After the horrific shooting in Parkland, Fla., on Valentine’s Day, we saw a nation shocked and horrified by yet more scenes of senseless violence. Another 17 innocent lives were lost, and many people’s’ sense of safety, damaged by Sandy Hook and Las Vegas, was further reduced. Once again, the debate over how to best prevent such incidents from happening has sprung up in full force. Rather than the usual counter-productive bickering that occurs after we should instead work in good faith to come up with solutions that are well thought out, reasonable and that would actually prevent further violence.
Over the last few weeks, we’ve seen the respective sides retreat to their usual corners, armed with the same arguments. Many left-wing politicians have come out saying that new restrictions on guns, such as raising the firearms purchasing age or banning certain types of guns, should be implemented. Those on the right have said that these measures wouldn’t prevent criminals from obtaining such weapons, and that it takes deranged people to even commit these atrocities in the first place, regardless of the weapons used.
What’s new though, is the new heights to which the vitriol has been raised. Students from Stoneman Douglas High School have been accused of being staged actors for anti-gun causes. The NRA has been subject to an intense shaming and boycott campaign. Though protected by freedom of speech, such actions speak loudly of the sad fact that many are unable to see the other side of the argument as real people with legitimate beliefs, rather than deniers or idiots.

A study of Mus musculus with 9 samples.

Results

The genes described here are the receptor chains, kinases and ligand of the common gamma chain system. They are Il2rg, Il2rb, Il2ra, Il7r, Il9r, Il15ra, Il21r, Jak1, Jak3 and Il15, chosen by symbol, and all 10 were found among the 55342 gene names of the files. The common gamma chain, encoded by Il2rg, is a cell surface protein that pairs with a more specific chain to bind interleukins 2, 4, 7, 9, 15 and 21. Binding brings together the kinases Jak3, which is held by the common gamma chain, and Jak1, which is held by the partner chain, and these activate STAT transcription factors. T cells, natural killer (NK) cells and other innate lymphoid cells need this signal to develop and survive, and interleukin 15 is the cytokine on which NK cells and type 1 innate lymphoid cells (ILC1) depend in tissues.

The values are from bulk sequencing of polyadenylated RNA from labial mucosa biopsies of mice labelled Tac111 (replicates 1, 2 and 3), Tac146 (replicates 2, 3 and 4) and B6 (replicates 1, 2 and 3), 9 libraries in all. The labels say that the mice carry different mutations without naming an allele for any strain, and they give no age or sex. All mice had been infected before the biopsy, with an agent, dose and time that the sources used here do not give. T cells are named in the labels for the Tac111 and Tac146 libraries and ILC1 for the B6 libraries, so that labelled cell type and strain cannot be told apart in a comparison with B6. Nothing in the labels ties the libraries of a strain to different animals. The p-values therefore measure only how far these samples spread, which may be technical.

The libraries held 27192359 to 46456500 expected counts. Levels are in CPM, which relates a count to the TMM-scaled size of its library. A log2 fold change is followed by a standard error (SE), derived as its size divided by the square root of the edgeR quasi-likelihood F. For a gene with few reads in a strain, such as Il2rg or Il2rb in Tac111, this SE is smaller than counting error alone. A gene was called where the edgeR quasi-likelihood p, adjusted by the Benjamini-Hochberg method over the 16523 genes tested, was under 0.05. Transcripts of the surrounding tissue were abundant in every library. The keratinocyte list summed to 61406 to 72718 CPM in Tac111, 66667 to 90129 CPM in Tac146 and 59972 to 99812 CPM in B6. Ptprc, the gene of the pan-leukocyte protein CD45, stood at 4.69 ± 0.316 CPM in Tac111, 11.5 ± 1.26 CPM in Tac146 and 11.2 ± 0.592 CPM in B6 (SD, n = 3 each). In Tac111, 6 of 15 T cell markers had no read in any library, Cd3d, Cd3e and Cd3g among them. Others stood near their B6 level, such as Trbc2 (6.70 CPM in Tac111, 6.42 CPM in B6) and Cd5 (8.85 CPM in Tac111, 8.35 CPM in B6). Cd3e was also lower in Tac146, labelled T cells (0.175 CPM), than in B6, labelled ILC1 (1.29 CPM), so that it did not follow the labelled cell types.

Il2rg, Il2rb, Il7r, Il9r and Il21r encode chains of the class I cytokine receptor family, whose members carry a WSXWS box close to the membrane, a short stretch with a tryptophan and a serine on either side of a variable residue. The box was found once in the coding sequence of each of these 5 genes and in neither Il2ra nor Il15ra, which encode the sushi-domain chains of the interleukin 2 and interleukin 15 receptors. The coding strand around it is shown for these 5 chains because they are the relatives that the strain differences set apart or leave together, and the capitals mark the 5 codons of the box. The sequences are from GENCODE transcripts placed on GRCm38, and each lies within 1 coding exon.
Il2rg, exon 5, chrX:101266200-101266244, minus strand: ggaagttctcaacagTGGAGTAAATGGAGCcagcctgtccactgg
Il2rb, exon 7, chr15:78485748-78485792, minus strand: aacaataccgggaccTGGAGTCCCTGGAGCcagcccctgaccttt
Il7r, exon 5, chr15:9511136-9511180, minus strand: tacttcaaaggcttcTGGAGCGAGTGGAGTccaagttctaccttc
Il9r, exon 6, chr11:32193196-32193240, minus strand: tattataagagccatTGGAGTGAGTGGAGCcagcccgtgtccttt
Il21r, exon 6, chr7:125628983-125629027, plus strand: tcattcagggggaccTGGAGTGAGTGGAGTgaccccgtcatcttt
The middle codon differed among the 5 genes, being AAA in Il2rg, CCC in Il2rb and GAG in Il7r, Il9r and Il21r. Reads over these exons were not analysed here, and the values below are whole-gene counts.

To state the talking points, yes, this is the only country in the world where this kind of thing happens on a regular basis. The United States has more gun violence per capita than most industrialized Western nations. But other nations in Latin America such as El Salvador have much higher rates of gun deaths than the U.S., while having fewer guns per person. Switzerland is a highly developed country with high rates of gun ownership, and very few gun deaths. I think it’s safe to say there’s more to this story than is usually stated.
Looking over facts and statistics, there are other problems that go hand in hand with gun violence, such as someone’s mental state and their connection to society. There is also the fact that the FBI did not follow tips into the Parkland suspect sent to them weeks before the shooting, and Parkland police had been aware of him for quite some time. Clearly there were a multitude of failings here that need to be addressed.
We also need to dispel the notion of blaming these shootings on pro-gun rights politicians and organizations. It is said that lawmakers, often Republican, are “bought off” by the NRA, but this misrepresents the overall amount of money operating in politics these days. According to opensecrets.org, the NRA spent a total of about $1.1 million dollars on the 2016 election cycle, while the total amount of money raised by presidential, Senate, and House candidates combined was over $3 billion dollars. Clinton and Trump earned around the same amount of money from pro-gun control and pro-gun rights groups respectively during 2016.
Rather than continuing to tear each other apart of this, we should come together to come up with common sense solutions that are carefully considered and well planned. Passing ill-advised legislation just to be seen as “doing something” is just as bad as doing nothing. And nothing will happen if both sides of this debate continue to see each other as evil.
Though it’s probably far-fetched, my hope is that eventually everyone in our nation can come together with open minds and hearts to consider all parts of this issue. We may have to abandon our stereotypes and attacks against those who disagree with us, but we need to find a solution to this problem. There is no silver bullet, any fix will have to be multifaceted and evidence-based, but I know that it is possible if we really make an effort.
Connor Kockler is a Sauk Rapids-Rice High School student. He enjoys writing, politics, and news, among other interests.